On Friday morning, the NFL suspended Dallas Cowboys running back Ezekiel Elliott for the first six games of the 2017 season following a 13-month investigation into allegations of domestic violence. The accusations were made against Elliott by his ex-girlfriend, Tiffany Thompson.
The league's decision isn't based on any legal standard. The City Attorney's Office in Columbus, Ohio, declined to press charges against Elliott, citing conflicting statements from witnesses.
After the league's latest collective bargaining agreement with the NFL Players Association, NFL Commissioner Roger Goodell is free to punish players however he sees fit. The NFL's findings from its investigation are public information, thanks to a letter the league sent Elliott informing him of his suspension. Here's what we know so far:
The first, the one for which Elliott was ultimately punished, is a series of attacks Thompson claims Elliott committed during the week of July 16, 2016. According to Thompson, Elliott assaulted her multiple times during a one-week period in Columbus, where Elliott, an Ohio State product, had returned to celebrate his July 21 birthday. The second incident is Elliott's caught-on-camera decision to pull down a woman's shirt at Dallas' 2017 St. Patrick's Day parade.
NFL investigators concluded that Elliott injured Thompson on three separate occasions.
According to the letter sent to Elliott by Todd Jones, the NFL's special counsel on personal conduct, the league believes that Elliott "used physical force that caused injuries" to Thompson on July 17, 19 and 21. According to the league, Elliott caused bruises on Thompson's face, arms, legs, knees and hips.
The league investigation centered on photos taken by Thompson.
The league reviewed a series of photos taken by Thompson after the alleged attacks. "[Thompson] took photos of her injuries. As the league examined the metadata in the phone with respect to those photos, the league discovered the date on which those photos were taken," Peter Harvey, a former New Jersey attorney general who sat on the league panel that investigated Elliott, said during a conference call. "They were taken the same day as Ms. Thompson alleged she was injured by Mr. Elliott. We also examined the reports of two medical experts who are knowledgeable about violence issues and evaluating injuries of violence. These medical experts corroborated many of the statements that Ms. Thompson made."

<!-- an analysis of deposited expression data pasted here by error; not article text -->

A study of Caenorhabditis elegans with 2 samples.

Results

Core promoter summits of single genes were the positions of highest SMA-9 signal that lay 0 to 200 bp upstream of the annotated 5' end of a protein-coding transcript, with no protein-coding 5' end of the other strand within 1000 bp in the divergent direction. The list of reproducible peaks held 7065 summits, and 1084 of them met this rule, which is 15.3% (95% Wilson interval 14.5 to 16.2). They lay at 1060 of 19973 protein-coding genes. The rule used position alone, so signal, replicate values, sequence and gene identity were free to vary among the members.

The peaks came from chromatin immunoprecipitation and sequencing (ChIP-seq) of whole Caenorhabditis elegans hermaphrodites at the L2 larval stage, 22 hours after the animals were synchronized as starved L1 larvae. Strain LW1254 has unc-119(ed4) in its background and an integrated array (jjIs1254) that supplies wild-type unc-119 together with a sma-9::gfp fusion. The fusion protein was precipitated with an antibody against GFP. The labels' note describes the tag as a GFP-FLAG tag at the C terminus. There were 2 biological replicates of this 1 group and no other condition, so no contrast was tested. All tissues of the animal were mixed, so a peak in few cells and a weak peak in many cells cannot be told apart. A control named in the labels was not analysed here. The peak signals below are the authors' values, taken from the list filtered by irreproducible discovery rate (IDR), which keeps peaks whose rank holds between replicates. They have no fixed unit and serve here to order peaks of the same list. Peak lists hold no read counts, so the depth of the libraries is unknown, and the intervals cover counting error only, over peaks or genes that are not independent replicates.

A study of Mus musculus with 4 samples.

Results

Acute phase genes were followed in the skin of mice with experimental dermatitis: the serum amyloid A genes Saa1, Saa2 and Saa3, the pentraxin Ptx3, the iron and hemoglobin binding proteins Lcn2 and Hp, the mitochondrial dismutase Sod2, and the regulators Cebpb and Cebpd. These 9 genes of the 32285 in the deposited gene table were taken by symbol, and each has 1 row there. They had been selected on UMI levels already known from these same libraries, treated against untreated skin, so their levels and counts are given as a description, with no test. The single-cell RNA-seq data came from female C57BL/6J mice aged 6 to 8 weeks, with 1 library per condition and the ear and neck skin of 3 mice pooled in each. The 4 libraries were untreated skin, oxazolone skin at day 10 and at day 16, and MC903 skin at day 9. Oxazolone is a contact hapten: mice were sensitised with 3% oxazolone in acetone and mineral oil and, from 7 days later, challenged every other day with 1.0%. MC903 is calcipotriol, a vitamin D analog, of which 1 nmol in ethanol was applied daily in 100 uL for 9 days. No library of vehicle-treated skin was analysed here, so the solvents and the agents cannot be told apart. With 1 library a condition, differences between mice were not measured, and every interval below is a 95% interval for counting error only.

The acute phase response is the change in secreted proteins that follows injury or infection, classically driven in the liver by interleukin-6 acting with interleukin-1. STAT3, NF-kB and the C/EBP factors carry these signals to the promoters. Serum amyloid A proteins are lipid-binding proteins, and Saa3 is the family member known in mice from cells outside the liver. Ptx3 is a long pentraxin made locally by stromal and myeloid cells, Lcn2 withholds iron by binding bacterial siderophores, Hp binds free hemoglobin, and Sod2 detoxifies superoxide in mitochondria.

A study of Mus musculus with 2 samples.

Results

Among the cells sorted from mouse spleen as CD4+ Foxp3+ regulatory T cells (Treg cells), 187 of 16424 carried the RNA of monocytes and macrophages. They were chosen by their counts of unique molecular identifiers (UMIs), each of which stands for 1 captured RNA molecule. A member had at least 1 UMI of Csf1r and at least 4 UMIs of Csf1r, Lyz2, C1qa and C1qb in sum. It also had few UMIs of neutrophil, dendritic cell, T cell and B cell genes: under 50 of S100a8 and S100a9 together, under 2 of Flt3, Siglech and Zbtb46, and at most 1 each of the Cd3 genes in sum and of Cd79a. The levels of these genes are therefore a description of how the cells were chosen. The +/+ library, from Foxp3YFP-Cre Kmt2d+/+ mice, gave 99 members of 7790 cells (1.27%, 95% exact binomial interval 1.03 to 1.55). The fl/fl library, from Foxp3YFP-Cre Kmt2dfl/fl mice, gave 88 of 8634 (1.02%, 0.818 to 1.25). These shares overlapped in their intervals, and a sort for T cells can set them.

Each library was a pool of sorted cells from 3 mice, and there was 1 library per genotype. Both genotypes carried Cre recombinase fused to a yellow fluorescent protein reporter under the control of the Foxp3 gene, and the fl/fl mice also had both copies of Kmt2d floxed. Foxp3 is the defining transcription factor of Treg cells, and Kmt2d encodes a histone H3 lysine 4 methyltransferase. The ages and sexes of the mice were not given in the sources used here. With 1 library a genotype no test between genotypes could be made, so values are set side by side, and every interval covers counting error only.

Despite the NFL's conclusion that Thompson misrepresented one alleged incident, the panel believed her statements about others.
Harvey said during the conference call that while one altercation Thompson claimed she had with Elliott did not occur, the panel believed most of her allegations. "[Thompson's] false statement that was revealed was she accused Mr. Elliott of yanking her out of a car on July 21 — really it’s the morning of the 22nd because I think it was after midnight. That did not happen," Harvey said. "And she did ask one of her friends to tell the police that it did happen, and the friend had the good sense not to do that. That is true. But as to other statements that she made, both to the Columbus DA as well as to NFL investigators, she was absolutely truthful about them."
The NFL does not believe Elliott's claims that Thompson got her injuries elsewhere.
The league dismissed Elliott's contention that Thompson was injured in a bar fight or another incident, something Elliott has claimed since early in the investigation. "Elliott’s representatives suggested that maybe she was in a fight with another woman and the bruises — for example, a bruise to her eye, and perhaps other bruises on her body — were sustained in that altercation," Harvey said. "The NFL’s investigators talked to people who witnessed that altercation, and it was revealed that neither woman landed a punch on the other. They pulled each other’s hair but they never hit each other with a balled-up fist or in any other way."
Elliott's attorneys announced Friday afternoon that they would appeal their client's suspension, saying that the league's investigation was "replete with factual inaccuracies and erroneous conclusions." The attorneys point to Thompson's misstatement about the alleged July 22 incident as proof that she is lying about many of the other events in questions. "During the upcoming weeks and through the appeal, a slew of additional credible and controverting evidence will come to light."
Goodell or someone else appointed by the commissioner will hear Elliott's initial appeal.